Entering a long-distance relationship can be trying, even for couples who have been together for years and have developed a strong foundation. Every successful couple in an LDR has their own tips and tricks on how to make it work (hint: lots of communication), but then again, every couple is different.
So, what advice would experts give? Here, dating coach Laurel House (who is also known as “The Man Whisperer”) breaks down five of the biggest challenges that come with the distance and exactly what you can do to overcome them.
The Challenge: Feeling disconnected
“Your partner isn’t always going to physically or even emotionally be there when you need them,” says House. “It might be obvious, but when you’re in that relationship and your best friend just got engaged and she is having a party to celebrate and your significant other in London can’t make it on such short notice, you might feel alone, abandoned, hurt, or even angry.”
The best way to stay connected is by making special time for one another. “Schedule phone dates–more than phone dates, schedule Skype or Facetime dates,” suggests House.
Take it one step further and make it feel like an actual date. Set the table, make dinner, and eat together. Or, plan to watch movies or read books together so that you are creating additional opportunities of things to talk about. The point? To create shared experiences that will help to expand and deepen your relationship. This opens up the conversation from just reporting on your day.
The Challenge: Getting stuck in “vacation mode”
“When together, couples are often on their best behavior – loving, sexy, and focused. They wear their best clothes, make sure to always groom, and stay in a happy state of mind,” says House. While it’s great to be your best self when with your partner, she points outs that it’s not always realistic. While you may be drinking and indulging more, treating every moment like a celebration or vacation, it’s important that you take time to chill out.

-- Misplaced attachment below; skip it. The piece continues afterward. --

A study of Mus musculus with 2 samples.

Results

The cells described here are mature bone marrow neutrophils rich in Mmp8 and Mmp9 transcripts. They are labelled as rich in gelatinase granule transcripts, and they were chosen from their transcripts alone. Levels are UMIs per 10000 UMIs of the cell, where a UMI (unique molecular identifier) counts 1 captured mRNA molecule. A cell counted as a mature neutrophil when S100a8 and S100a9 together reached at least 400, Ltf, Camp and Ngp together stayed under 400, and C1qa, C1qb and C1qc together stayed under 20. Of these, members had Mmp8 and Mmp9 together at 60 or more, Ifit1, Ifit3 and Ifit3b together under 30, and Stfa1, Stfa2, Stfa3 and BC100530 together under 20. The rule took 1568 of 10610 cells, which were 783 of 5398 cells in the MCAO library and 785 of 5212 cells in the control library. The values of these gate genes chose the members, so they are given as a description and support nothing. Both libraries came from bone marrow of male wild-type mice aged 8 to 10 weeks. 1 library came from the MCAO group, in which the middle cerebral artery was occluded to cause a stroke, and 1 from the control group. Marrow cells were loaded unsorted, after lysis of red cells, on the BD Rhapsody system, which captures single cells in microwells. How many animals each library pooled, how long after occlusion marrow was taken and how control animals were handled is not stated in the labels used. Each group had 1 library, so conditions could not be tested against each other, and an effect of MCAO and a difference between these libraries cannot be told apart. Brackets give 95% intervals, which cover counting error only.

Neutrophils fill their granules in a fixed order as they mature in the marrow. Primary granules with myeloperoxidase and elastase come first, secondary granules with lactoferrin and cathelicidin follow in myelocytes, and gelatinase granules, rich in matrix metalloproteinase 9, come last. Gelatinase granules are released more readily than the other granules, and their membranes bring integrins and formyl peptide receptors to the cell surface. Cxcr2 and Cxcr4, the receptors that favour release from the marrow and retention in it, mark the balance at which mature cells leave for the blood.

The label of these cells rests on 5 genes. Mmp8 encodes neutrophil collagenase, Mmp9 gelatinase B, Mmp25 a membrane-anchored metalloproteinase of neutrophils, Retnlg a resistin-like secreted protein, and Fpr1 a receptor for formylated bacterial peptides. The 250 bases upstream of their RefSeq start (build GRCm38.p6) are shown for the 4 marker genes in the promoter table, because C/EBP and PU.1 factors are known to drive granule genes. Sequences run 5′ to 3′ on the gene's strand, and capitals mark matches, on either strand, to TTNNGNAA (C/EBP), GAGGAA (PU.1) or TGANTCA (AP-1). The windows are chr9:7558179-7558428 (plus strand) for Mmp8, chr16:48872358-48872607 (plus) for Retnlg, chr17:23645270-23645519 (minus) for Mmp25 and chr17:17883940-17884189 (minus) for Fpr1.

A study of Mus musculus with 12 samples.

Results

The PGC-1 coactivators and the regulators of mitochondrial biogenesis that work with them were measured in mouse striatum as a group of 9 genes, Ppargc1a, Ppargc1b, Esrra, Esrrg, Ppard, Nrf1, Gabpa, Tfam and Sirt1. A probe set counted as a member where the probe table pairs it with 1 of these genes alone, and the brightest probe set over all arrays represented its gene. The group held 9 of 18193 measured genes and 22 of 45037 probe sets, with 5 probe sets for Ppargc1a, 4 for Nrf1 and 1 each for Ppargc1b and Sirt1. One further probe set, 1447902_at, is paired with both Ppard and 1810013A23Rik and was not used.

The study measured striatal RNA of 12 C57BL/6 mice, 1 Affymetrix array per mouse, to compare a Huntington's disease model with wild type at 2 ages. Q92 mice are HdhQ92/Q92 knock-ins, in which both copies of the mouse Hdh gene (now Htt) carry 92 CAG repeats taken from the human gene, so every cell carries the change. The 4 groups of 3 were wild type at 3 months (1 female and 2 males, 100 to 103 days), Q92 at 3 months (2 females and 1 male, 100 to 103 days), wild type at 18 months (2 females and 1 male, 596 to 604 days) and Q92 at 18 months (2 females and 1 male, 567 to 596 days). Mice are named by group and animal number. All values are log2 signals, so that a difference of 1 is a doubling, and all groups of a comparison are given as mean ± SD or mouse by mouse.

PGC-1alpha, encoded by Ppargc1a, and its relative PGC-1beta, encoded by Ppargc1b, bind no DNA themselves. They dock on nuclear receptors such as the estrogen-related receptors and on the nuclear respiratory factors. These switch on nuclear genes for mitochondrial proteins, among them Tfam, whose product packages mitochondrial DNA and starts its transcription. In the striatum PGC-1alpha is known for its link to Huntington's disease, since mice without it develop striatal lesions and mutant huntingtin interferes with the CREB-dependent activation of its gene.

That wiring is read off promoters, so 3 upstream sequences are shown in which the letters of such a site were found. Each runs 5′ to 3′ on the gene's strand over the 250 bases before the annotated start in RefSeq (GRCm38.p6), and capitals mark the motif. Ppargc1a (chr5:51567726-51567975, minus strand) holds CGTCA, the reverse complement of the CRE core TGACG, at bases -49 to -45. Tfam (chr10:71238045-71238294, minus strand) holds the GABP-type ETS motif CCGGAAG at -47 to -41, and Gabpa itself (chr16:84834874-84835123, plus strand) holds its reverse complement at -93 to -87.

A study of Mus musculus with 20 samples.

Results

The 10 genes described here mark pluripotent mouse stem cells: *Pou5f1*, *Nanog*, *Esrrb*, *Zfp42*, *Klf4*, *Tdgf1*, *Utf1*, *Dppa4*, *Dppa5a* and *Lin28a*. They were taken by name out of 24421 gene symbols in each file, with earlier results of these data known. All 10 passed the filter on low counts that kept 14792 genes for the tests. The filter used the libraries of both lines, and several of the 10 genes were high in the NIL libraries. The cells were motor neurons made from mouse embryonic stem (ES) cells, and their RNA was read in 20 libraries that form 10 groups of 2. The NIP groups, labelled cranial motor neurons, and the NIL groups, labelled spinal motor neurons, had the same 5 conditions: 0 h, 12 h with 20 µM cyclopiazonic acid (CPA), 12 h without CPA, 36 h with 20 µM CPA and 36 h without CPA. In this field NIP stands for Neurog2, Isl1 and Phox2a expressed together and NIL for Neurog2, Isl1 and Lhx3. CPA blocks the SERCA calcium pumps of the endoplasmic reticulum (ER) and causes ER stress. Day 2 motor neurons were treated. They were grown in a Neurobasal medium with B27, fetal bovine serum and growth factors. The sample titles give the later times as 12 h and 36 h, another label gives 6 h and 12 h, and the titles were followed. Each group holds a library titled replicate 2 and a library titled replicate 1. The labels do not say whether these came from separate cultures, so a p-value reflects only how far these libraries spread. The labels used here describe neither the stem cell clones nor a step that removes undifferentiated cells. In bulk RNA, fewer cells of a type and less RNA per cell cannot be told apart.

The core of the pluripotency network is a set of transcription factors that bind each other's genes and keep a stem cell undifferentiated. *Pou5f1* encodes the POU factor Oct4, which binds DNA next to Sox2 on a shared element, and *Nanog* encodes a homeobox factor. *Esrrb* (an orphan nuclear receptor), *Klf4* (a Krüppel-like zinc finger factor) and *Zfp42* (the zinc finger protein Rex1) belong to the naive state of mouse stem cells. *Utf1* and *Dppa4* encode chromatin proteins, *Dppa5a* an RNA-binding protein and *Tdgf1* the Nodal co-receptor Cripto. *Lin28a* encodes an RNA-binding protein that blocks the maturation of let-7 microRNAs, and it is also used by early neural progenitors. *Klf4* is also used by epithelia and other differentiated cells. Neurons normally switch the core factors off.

“Make sure to have a full day where you do nothing at all except sit and talk and cook and live together – meaning, live life as you normally would together,” says House. She suggests looking up The Love Game: 36 Questions for Falling in Love. It’s a series of questions that are thought-provoking, heart-opening, and connection-building. In fact, it’s great for any couple! The questions invite real and deep conversations in a way that feels less threatening than bringing them up on your own.
The Challenge: Not being intimate
“Sex – or physical contact in general – isn’t just about the orgasm,” says House. “Touch is a connector.” She says many of her clients notice they argue more often when they are experiencing a sexual slump in the relationship. Touching raises endorphins, which can make you feel emotionally connected, she explains, so when your relationship lacks that intimacy, it can lead to feelings of disconnect, insecurity, and jealousy.
A simple solution: masturbation (doing it alone and together). “Create verbal fantasies together, and talk through the fantasies during phone or Skype sex,” says House. “It’s almost like you will be writing your own erotica together and simultaneously experiencing it in your minds.” She also recommends picking out sex toys together or sending each other sexy gifts to help keep the romance alive.
The Challenge: Missing life’s “in-betweens”
“Life’s in-betweens are the little things that make you smile, that brighten your day, that remind you that you’re not alone,” House says. In other words, they are the daily details that keep a relationship strong. “While some can be done from afar – like the afternoon text to say ‘I’m thinking of you’ – others, like having coffee in the morning, grabbing flowers for you on his/her way home, making dinner for each other, are not possible when you two are long distance,” she cautions.
This is another reason that making time to connect is crucial. House suggests regularly scheduled phone times (though, calling or texting whenever you have a spare moment is always welcome, too).
The Challenge: Jealousy
Pretty much every relationship comes with some level of jealousy, but imagine experiencing those feelings from a distance. “One way that you can work on this is by having a tracking device, like Life360, on your cell phones,” says House. Sure, it may sound crazy, but it allows you to stay up-to-date. “This isn’t about stalking your partner, but is instead keeping each other aware of what you are up to throughout the day, just as you might if you lived together and shared schedules or calendars,” she explains.
“There’s a comfort when you miss your significant other and wonder what he/she is up to, and can go onto Life360 and see that he/she is at the gym,” she furthers. Life360 also allows you to “heart” other people’s check-ins, letting them know that you are thinking about them. “Just knowing where you both are will give you a sense of comfort and closeness, even when you’re physically far away.”